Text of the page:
Physics/Newton/Second Law


When we need to work with forces that can change how a mass moves, we will need to use the Second Law of Motion. However, before we can understand the Second Law, we have to define some terms used. The first of these is the word magnitude. Basically, magnitude refers to the size of something. Magnitude is usually given as a number, since most of the time magnitudes are defined by comparing the thing measured to a widely recognised standard. For example, the mass of something is usually given as how many times heavier it is compared to a certain lump of metal kept in France. (This is the original definition of the kilogram)

Next in the list of terms to define are scalar and vector. Simply, the difference between them is that vectors have both magnitude and direction while scalars only have magnitude. The example we are interested here is between velocity and speed. Speed is simply how fast something is moving, while velocity is speed with a specified direction.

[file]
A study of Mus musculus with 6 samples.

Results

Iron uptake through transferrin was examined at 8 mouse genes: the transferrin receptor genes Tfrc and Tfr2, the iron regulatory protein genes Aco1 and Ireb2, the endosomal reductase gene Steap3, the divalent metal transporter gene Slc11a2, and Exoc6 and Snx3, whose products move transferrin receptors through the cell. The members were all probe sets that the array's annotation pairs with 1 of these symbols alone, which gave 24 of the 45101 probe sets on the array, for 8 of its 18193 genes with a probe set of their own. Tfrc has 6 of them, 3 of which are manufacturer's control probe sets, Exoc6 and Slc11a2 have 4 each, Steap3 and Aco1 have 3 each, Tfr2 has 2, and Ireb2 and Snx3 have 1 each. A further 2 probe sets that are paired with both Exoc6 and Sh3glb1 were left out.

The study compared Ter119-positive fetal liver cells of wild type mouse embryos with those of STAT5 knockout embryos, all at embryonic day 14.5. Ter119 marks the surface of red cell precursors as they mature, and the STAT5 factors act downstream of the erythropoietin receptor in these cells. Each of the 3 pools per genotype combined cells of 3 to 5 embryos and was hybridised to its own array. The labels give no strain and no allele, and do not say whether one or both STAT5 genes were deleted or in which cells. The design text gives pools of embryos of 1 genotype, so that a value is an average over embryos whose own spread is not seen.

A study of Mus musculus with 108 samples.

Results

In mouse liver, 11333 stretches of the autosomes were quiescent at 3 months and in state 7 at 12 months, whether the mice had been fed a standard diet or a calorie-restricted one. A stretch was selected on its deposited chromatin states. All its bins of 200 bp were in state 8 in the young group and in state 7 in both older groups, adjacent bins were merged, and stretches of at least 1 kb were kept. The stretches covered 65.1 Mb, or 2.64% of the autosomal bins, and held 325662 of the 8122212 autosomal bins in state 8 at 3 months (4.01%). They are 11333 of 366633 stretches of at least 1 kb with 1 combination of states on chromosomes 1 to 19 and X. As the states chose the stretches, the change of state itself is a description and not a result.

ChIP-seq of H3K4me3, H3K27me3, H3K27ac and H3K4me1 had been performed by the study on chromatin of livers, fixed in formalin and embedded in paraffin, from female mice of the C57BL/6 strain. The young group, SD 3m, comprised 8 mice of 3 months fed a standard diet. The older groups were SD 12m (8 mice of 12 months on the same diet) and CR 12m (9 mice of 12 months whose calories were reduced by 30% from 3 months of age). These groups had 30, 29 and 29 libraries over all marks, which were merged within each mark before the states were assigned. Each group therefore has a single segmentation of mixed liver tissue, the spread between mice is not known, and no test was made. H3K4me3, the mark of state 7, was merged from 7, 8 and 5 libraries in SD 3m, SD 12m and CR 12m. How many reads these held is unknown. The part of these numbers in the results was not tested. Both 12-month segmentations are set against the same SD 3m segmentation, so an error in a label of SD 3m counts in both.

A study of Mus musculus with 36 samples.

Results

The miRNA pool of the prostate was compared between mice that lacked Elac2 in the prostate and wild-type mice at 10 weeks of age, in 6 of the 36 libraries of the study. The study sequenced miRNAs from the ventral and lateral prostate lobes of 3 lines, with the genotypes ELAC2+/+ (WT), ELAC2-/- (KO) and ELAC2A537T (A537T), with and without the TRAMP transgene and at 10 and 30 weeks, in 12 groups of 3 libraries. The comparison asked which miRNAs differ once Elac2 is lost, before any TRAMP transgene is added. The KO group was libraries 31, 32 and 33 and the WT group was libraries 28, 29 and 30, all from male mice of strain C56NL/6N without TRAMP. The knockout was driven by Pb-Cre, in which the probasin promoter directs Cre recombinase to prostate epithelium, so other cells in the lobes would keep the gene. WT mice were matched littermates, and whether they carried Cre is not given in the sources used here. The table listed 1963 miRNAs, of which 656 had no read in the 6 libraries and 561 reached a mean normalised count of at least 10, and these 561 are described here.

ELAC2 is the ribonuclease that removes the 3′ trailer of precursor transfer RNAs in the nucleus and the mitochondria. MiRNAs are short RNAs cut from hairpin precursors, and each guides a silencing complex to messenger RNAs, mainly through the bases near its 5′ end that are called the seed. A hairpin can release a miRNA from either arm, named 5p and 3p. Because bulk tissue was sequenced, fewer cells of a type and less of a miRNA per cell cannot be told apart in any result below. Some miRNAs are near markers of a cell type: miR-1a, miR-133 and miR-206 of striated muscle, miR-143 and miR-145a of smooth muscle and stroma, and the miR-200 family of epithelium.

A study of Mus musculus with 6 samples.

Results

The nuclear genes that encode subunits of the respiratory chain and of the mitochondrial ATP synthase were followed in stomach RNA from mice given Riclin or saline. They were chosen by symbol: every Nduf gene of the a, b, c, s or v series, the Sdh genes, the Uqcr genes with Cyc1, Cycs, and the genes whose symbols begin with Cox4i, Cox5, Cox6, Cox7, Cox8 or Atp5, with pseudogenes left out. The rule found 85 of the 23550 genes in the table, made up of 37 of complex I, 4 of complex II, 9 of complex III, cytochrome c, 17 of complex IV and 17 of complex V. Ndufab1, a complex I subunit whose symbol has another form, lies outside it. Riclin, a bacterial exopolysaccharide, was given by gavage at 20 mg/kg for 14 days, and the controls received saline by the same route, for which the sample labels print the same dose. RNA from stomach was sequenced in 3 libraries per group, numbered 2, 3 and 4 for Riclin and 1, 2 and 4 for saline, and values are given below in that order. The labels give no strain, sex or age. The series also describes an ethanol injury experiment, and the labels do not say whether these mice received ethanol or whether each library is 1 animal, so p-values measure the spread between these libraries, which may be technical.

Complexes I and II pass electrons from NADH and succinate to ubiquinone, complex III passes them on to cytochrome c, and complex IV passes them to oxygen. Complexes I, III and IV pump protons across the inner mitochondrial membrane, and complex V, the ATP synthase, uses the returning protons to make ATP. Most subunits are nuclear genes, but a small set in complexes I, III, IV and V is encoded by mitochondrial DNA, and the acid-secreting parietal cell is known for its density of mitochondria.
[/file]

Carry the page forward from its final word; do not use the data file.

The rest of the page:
Then, we can define the term momentum, which is simply the product of mass, a scalar, and velocity, a vector. The result is a very important value, pointing in the direction where the object is moving towards.

Finally, Newton's Second Law states that the rate of change of momentum of a given mass is exactly the vector sum of forces acting on the mass. By now, Newton's model of the universe is very much completed, and can be used to work on many problems and predict real life rather nicely.